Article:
The eastern Zerelia Lake
The eastern Zerelia Lake. / Dipa1965, Wikimedia Commons / CC BY-SA 3.0

WorldBlue  In short

Many facts hint at the possibility that both Zerelia Lakes were created by a meteorite impact some 12 – 8 thousand years ago.

39.1626 N 22.7119 E
Location, address
Europe, Greece, Thessaly, Magnesia, Almyros municipality, Efxinoupoli, some 4 km south-west from Almyros town
Name in Greek
Λίμνες Ζερέλια
Alternate names
Zarelia Lakes, Zerelia Impact Craters, Magoula Zerelia Lakes
250 m and 150 m
8 m and 6 m
˜ 12 000 – 10 000 years (?)

Map of the site


At the foot of Othrios mountain are two small, round lakes.

Great Zerelia Lake
Great Zerelia Lake. / Dipa1965, Wikimedia Commons / CC BY-SA 3.0

Great Zerelia lake has a diameter of some 250 m and it is up to 8 m deep. The other – Small Zerelia – is located only 230 m to the southeast. This smaller lake has a diameter of 150 m and is up to 6 m deep. The bottom of both lakes is fairly flat and covered with muddy sediments. Specialists estimate that the original depth of the larger lake was between 50 and 60 m.

Initially (1960ies – 1970ies) it was proposed that both lakes are maars – explosion craters that are created by the blast of superheated groundwater above the areas of volcanic heat. Maars also can have a perfectly round shape.

But further research (1) shows that there is no trace of volcanic activity in the rocks around the lakes. Recrystallized and deformed glass-shaped fragments of rocks, and calcite globules as well as inclusions of molten zircon, chrome spinel, and other uncharacteristic minerals show that there has taken a place a sudden increase of temperature and pressure as well as the intrusion of alien matter. Speaking in other words: this looks like a meteoritic impact.

Both lakes could be created by a meteorite impact some 12 500 – 8 000 years ago. The pieces of meteorites could be 10 – 30 m large and, it is possible, that these were two pieces of a larger meteorite that divided in the atmosphere.

Nevertheless, Zerelia Lakes are unconfirmed impact craters up to now. It is highly likely that they were created by the meteoritic impact, but we are not absolutely sure yet.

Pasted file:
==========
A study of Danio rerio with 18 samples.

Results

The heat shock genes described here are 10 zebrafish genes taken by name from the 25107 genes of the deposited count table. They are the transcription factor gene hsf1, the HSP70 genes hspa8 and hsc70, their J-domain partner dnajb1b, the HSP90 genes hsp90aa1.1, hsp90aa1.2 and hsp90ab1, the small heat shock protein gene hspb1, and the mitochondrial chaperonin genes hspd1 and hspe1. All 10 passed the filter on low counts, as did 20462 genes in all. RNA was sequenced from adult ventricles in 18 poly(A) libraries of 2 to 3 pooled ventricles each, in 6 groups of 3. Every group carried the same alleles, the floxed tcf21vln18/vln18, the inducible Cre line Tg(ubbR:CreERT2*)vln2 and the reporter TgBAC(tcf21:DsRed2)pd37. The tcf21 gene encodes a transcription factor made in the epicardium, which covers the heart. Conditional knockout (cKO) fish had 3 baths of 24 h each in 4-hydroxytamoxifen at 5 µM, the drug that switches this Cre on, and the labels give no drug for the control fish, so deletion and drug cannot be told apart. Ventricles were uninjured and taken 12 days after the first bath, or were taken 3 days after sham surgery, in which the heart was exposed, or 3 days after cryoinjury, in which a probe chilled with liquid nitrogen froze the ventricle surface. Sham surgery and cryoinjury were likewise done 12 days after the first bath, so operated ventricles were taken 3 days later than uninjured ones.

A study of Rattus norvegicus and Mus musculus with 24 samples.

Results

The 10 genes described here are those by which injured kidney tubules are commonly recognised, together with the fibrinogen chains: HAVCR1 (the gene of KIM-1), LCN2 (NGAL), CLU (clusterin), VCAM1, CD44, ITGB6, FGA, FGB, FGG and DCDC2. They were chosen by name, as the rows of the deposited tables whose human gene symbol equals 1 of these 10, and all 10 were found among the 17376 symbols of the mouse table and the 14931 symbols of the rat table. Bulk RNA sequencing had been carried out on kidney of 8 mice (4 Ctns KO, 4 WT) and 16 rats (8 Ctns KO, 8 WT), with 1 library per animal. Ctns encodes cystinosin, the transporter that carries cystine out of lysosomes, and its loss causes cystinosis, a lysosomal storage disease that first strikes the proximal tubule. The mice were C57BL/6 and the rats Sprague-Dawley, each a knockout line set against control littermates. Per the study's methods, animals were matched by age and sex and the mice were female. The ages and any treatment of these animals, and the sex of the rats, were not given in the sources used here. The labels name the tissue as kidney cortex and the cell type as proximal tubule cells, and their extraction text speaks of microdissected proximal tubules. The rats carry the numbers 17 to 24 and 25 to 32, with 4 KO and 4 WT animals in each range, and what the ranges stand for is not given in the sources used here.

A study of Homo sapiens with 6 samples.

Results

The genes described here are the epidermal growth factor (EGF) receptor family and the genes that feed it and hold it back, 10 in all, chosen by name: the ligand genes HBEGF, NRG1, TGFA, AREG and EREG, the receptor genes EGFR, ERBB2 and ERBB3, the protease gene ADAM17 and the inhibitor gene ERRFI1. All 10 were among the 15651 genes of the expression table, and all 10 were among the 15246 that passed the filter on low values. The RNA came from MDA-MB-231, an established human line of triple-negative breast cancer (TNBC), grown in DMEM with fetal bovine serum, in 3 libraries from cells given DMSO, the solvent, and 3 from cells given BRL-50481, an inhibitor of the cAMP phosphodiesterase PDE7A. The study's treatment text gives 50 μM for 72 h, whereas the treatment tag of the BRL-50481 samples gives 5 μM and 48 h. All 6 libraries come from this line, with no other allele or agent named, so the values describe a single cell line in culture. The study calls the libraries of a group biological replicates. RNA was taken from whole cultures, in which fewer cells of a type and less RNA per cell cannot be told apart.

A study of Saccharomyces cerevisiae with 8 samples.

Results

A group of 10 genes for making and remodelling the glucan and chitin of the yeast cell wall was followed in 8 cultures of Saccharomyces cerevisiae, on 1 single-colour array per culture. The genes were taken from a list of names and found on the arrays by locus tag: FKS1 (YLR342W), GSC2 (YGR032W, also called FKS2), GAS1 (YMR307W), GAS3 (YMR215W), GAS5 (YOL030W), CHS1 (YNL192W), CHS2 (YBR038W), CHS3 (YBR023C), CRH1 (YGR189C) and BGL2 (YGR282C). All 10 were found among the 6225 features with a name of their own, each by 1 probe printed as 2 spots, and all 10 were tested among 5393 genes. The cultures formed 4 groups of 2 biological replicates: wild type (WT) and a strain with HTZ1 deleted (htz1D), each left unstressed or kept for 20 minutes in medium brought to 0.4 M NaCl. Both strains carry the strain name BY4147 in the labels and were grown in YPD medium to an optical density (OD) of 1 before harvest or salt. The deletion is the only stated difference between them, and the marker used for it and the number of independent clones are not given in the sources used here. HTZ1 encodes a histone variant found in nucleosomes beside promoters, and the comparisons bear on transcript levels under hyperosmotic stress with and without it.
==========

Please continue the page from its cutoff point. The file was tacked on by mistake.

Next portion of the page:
Both lakes are important wetlands – habitats for birds.

Only 100 m north-east from the shore of Great Zerelia is Zerelia mound (Magoula Zerelia settlement) – the site of a prehistoric settlement that was inhabited in the Middle Neolithic – Late Bronze Age. The oldest finds in this settlement are 7 thousand years old. Many people, including specialists, believe that in one of the lakes is located an ancient shrine – the temple of goddess Itonida (Athena Itona). According to legends, this temple is seen at very low water. This, reportedly, happened in 1980 after an earthquake.


  1. V. J. Dietrich, E. Lagios, E. Reusser, V. Sakkas, E. Gartzos, and K. Kyriakopoulos. The enigmatic Zerelia twin-lakes (Thessaly, Central Greece): two potential meteorite impact Craters. Solid Earth, received on 31st July 2013. Accessed on 19th February 2021.

Meteor Crater, view from the rim / Graeme Churchard, Flickr / CC BY 2.0

Impact craters

There are many pieces of solid matter flying around in space. And VERY frequently they fall on the surface of the Earth. There are estimates that every year on Earth fall 18,000 – 84,000 meteorites larger than 10 grams: e.g. one meteorite every 6 – 30 minutes.

This category includes outstanding impact craters – detectable scars on the surface of Earth left by a body coming from outer space. The category includes also meteorites – natural objects from outer space.